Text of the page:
HOUSTON -- To say the Astros' front office is thrilled about how the First-Year Player Draft is going for the club so far might be an understatement.
"I think we hit a home run today," general manager Jeff Luhnow said Tuesday. "I think we'll look back on this Draft and say it was an instrumental Draft for the Houston Astros."
Assistant general manager/scouting director Bobby Heck took it a step further.
"Walking away with what we've gotten today, on top of what we got last night, it feels more like a grand slam," Heck said.
The Astros are pleased with the wide variety of players they drafted on Tuesday: six college position players, five college pitchers, two high school position players and one high school pitcher.
The high schoolers -- fourth rounder Rio Ruiz, sixth rounder Brett Phillips and 11th rounder Hunter Virant -- probably have the most upside of any of the Astros' picks on Tuesday, but they also pose potential signability problems.
The new slotting system affects Houston's ability to overpay for talent, but Heck didn't seem too concerned yet.
"We're surrounded by a lot of creative minds," Heck said.
The college players taken in the first eight rounds -- second rounder Nolan Fontana, third rounder Brady Rodgers, fifth rounder Andrew Aplin, seventh rounder Preston Tucker and eighth rounder Tyler Heineman -- all come from schools with historically strong baseball programs.
Fontana and Tucker are teammates at the University of Florida. Rodgers and Aplin come from Arizona State University. Heineman played at UCLA.
Heck has been a part of five Astros' Drafts and said he thinks the collective group in this Draft is the strongest he's seen.
Here's a rundown of the Astros' picks on Day 2:
Round 2, Nolan Fontana, SS, University of Florida Fontana has been the everyday shortstop for the Gators since his freshman year. He batted .294 with a .412 on-base percentage in 2012. His team plays in a Super Regional against N.C. State starting on Saturday. Heck hopes Fontana can stay at shortstop but knows he may end up at second base.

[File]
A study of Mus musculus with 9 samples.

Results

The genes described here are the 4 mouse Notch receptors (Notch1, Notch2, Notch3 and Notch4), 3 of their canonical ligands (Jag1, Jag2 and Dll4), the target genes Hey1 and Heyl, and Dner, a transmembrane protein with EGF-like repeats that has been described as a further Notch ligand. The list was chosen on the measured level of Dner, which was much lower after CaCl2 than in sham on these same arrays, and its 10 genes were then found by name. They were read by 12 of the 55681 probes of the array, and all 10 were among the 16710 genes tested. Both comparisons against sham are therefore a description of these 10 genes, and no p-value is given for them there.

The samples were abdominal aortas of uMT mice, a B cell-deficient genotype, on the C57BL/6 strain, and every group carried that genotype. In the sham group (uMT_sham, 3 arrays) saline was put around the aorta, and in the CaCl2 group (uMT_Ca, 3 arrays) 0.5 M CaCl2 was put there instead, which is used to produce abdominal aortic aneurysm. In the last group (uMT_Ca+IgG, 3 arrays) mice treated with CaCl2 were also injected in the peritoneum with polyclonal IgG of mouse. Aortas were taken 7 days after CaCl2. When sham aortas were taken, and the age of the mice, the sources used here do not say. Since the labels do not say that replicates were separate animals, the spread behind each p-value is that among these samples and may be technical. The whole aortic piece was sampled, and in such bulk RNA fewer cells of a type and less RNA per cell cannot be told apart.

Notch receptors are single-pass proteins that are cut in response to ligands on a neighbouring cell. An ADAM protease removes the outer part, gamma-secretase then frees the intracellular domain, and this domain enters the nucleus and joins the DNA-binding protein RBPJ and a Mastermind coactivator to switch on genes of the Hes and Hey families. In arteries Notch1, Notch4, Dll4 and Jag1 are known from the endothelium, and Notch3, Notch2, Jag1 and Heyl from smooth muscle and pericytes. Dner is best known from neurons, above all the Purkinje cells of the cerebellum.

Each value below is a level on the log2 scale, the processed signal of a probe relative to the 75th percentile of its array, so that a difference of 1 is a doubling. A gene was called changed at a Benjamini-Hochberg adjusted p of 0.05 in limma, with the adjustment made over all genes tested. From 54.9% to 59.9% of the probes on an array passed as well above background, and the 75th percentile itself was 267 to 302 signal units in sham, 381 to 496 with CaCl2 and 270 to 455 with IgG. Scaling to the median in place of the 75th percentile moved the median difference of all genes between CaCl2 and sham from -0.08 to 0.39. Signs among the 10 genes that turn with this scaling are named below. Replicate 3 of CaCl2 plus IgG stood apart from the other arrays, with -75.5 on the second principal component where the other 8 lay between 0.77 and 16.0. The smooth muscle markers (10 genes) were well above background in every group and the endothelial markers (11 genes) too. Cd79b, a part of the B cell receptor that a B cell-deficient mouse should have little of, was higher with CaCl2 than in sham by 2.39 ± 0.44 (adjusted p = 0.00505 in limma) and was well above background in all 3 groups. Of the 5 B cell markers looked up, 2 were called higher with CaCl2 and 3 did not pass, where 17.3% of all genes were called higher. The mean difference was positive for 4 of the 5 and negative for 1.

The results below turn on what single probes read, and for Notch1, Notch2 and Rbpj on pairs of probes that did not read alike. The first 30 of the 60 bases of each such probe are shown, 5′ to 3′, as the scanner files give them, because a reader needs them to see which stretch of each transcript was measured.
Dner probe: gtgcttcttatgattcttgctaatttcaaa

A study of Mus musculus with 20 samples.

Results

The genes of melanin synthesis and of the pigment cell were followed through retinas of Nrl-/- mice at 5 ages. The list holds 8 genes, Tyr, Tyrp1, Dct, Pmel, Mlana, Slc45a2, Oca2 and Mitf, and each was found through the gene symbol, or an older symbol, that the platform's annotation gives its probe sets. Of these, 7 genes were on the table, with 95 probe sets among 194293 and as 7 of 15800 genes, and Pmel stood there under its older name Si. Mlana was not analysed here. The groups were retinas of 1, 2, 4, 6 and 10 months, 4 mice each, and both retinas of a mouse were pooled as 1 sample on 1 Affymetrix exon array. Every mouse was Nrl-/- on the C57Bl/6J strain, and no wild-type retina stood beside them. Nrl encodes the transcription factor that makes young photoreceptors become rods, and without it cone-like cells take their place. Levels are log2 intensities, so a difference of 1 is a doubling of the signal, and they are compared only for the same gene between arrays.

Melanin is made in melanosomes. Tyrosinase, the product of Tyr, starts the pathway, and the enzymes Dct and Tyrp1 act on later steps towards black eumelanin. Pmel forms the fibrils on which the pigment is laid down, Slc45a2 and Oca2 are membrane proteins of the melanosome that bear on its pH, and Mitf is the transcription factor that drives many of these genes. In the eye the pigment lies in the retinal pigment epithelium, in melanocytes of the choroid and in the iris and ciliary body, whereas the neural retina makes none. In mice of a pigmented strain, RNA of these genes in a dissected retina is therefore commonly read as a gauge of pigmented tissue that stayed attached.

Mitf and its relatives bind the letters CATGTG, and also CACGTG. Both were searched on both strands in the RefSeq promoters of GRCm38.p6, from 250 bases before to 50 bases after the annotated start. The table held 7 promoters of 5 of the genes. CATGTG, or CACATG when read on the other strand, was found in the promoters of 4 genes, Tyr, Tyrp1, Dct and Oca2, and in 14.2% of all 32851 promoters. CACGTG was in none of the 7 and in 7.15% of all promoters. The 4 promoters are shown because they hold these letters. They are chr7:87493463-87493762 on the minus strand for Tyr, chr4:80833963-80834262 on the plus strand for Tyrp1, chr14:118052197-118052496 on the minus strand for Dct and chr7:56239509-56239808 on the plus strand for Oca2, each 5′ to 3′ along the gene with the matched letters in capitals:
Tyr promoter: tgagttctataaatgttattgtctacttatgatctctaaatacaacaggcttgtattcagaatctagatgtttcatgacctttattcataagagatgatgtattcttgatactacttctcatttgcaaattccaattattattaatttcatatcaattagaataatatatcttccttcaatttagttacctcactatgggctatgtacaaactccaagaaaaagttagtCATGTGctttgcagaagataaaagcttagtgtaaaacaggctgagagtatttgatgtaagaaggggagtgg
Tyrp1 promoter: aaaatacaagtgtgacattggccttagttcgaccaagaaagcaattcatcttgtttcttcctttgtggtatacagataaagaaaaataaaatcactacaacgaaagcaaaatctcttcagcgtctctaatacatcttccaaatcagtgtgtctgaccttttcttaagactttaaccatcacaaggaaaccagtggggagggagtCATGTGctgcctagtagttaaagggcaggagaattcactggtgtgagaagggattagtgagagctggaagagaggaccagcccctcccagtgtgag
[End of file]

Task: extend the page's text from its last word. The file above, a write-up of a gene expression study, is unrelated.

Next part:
Round 3, Brady Rodgers, RHP, Arizona State University Rodgers, a lifelong Astros fan, has the second-best career ERA in the aluminum-bat era at Arizona State, behind Floyd Bannister, the Astros' first overall pick in 1976.
Round 4, Rio Ruiz, 3B, Bishop Amat High School (Calif.) Ruiz's senior season was derailed after doctors found a blood clot in his clavicle, but projects as a run-producing third baseman in the Majors. "You trust your body of work," Heck said. "This is a guy we've seen for a few years. By industry standards, he was kind of famous for his talent." Ruiz, who is firmly committed to USC, may pose some signability issues.
Round 5, Andrew Aplin, CF, Arizona State University The second Sun Devil in the Astros' Draft, Aplin is known for his defensive prowess over his batting ability. He has a great arm and good range.
Round 6, Brett Phillips, CF, Seminole High School (Fla.) Phillips, who committed to N.C. State, is also an impact defensive outfielder. His quick swing could develop too. He does have signability concerns.
Round 7, Preston Tucker, LF, University of Florida Another Gator goes to the Astros, this one a power-hitting senior. He's hitting .316 with 15 homers in 63 games so far for Florida.
Round 8, Tyler Heineman, C, UCLA He's a switch-hitting junior catcher originally from Pacific Palisades, Calif. He's batting .351 on the season in 54 starts. He has thrown out 20 of 44 runners. The Bruins host TCU in a Super Regional series starting Friday.
Round 9, Daniel Minor, RHP, Texas A&M-Corpus Christi Minor is the highest Draft pick in A&M-Corpus Christi history. He is 5-foot-11 and weighs 188 pounds. He had a 2.20 ERA with 110 strikeouts in 110 1/3 innings in 2012.
Round 10, Joseph Bircher, LHP, Bradley University In 15 starts in 2012, Bircher had a 2.70 ERA in 110 innings. He struck out 113, walked 21 and pitched four complete games.
Round 11, Hunter Virant, LHP, Adolfo Camarillo High School (Calif.) Virant, who committed to UCLA, projects as a pitcher who might end up with four above-average Major League pitches. He was viewed as a second-round talent heading into the Draft. "We're not sure we're going to be able to sign him, but it was too valuable of a talent to leave on the board," Heck said.
Round 12, Terrell Joyce, LF, Florida State College Joyce had a .436 batting average at Florida State College, a junior college. He also had 11 homers and 55 RBIs in 42 games.
Round 13, Brian Holmes, LHP, Wake Forest Holmes went 7-3 for Wake Forest in 2012, with a 2.83 ERA. He struck out 81 and walked 49 in 82 2/3 innings.
Round 14, Joe Sclafani, SS, Dartmouth College Sclafani played in all 42 games for Dartmouth this season, finishing with a .288 batting average and .442 slugging average. It was actually his worst season for Dartmouth after posting above a .325 batting and .458 slugging average in each of his first three seasons.
Round 15, Erick Gonzalez, RHP, GateWay Community College Gonzalez is 6-foot-1 and weighs 175 lbs. He went to Gilbert High School (Ariz.).